Calls have been made for human resources to play a greater role in developing future leaders from the stock of local Singaporeans, rather than foreigners
  • ryan | 06 Mar 2015, 12:14 PM Agree 0
    Use of the term "Racial" is inaccurate and misleading. Singapore in itself comprises multiple racial groups, and even within that racial identity is evolving. Low Thia Kiang meant "local" - in that it's problematic for Singapore if leadership positions in Singapore are not held by locals, regardless of their racial identity.
    This is a valid HR and talent issue seen through a local politician - but the second half of the article diverts into topic around blue collar labor. HRD should have tackled it rather than just cut-and-paste soundbites and use inaccurate headlines.
  • DSC44 | 07 Mar 2015, 12:28 AM Agree 0
    Ryan is 100% correct it is not a 'racial' issue it is an issue of nationalism. The UAE has put in place a law to correct having none UAE citizens as corporate executive by stating all leadership positions, by a certain date, will have to be filled with UAE nationals. That approach would not work or be appropriate in Singapore.

    What compounds this issue is the programs in place in many Singaporean companies. The leadership development programs are based on a fundamental flaw. For many reasons HR and Learning and Development leaders in Southeast Asia have he misconception that there is such a think as 'best practices' or 'best in class' programs and approaches for leadership development. These are usually based on what is done in North America (the US in particular). Those programs are based on specific leadership behaviours. Those behaviours are based on the authors' definition of the right behaviours for leadership. That is based on behaviours right for the United States. Those are not always the right behaviours for Singapore or Southeast Asia. In fact some of those behaviours are counter productive in Singapore. So buying the off the shelf leadership program from a North American based consulting or leadership firm companies in Singapore perpetuate the only people that are successful at leading are not locals.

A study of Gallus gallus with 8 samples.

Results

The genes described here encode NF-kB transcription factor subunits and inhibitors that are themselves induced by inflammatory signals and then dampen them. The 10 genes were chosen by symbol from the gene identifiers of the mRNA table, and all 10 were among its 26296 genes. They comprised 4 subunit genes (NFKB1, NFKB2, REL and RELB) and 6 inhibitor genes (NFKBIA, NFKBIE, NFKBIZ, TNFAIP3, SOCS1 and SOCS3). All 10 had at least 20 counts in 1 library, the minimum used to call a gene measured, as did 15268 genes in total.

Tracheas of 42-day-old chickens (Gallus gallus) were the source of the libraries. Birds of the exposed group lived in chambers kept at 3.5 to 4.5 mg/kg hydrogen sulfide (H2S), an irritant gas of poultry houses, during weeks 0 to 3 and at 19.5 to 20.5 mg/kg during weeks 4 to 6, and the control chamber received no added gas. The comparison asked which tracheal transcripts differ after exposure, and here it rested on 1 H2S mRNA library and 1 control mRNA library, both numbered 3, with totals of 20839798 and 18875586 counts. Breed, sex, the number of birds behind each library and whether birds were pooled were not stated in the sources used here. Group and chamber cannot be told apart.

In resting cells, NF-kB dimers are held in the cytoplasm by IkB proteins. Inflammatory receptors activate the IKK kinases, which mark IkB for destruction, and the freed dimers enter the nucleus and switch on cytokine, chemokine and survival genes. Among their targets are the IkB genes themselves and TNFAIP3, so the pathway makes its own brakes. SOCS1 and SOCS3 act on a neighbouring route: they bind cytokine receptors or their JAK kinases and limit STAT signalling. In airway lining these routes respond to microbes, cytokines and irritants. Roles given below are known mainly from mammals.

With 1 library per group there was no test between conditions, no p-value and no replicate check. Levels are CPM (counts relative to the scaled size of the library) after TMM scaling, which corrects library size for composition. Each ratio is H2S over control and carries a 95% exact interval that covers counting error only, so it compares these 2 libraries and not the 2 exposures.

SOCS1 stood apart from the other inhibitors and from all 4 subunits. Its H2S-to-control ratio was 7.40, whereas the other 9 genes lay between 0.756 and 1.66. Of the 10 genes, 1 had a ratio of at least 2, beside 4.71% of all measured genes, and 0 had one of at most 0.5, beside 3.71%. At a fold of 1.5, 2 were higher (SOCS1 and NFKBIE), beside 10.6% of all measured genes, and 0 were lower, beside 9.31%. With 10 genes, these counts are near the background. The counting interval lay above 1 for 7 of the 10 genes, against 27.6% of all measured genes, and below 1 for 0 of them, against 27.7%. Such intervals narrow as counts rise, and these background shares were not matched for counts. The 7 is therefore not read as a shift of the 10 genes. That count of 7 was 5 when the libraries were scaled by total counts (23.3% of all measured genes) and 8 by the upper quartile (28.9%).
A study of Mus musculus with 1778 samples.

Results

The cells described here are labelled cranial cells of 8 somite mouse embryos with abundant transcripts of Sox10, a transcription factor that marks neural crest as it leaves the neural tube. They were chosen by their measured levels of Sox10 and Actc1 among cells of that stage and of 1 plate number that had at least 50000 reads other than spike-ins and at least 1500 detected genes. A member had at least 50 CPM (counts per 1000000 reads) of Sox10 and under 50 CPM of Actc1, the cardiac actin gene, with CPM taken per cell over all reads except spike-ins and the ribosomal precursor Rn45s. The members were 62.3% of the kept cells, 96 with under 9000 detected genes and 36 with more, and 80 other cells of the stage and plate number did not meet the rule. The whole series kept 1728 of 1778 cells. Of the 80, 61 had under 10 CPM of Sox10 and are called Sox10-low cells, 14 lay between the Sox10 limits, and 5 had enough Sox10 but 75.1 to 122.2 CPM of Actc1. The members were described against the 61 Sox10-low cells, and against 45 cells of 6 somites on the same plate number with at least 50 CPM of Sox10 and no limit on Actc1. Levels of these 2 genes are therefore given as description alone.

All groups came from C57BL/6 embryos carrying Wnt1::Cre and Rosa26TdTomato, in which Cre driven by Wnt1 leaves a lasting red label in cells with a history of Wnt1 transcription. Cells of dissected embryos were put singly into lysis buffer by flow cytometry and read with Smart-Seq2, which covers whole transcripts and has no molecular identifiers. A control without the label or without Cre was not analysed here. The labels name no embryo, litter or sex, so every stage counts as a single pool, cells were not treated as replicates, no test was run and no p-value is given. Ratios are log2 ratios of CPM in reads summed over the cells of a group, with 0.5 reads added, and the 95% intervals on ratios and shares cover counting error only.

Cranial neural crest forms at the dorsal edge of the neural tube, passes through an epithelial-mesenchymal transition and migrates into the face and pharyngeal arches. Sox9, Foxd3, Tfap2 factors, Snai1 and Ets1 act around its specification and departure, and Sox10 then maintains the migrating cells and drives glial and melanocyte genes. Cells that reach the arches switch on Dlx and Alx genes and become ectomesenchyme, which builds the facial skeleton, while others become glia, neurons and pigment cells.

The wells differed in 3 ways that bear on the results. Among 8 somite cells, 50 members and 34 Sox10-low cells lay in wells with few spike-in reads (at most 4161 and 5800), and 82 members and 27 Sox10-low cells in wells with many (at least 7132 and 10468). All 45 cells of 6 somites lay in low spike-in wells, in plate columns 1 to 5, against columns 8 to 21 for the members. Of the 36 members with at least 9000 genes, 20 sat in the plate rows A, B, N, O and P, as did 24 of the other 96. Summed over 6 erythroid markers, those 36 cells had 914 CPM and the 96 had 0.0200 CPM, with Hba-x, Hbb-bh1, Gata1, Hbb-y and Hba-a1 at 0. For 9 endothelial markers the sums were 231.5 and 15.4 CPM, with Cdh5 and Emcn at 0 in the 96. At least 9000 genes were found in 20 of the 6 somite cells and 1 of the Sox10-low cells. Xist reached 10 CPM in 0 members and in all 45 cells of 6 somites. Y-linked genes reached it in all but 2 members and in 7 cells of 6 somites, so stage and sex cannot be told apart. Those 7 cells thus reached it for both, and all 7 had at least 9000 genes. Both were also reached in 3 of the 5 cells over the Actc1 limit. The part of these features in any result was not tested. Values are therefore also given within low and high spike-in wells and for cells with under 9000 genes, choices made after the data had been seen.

This issue is further deepened when Southeast Asian firms believe that they can buy off the shelf behavioural competency models that are validated because of transferable validation; meaning if it worked in one company it will work in another. Yes, that is true only if the company is the same company that generated the competency model! As soon as the values, culture, strategic business plan and the company history is different then the behaviours HAVE to be different; even for firms in the same geographic location and in the same business.

    In short

    1. The wording of the headline is 'sensationalism' not honest journalism.

    2. When the leadership development programs are based on Western behavioural companies for leadership they will perpetuate people from outside of Singapore being the 'best fit' for leadership.

    3. That not building competency models inside the company but using, as a foundation, models from Western consultancies that have initially built their model in North America, will also mean development programs that do not take into account what it means to be a successful leader in a company based in Singapore.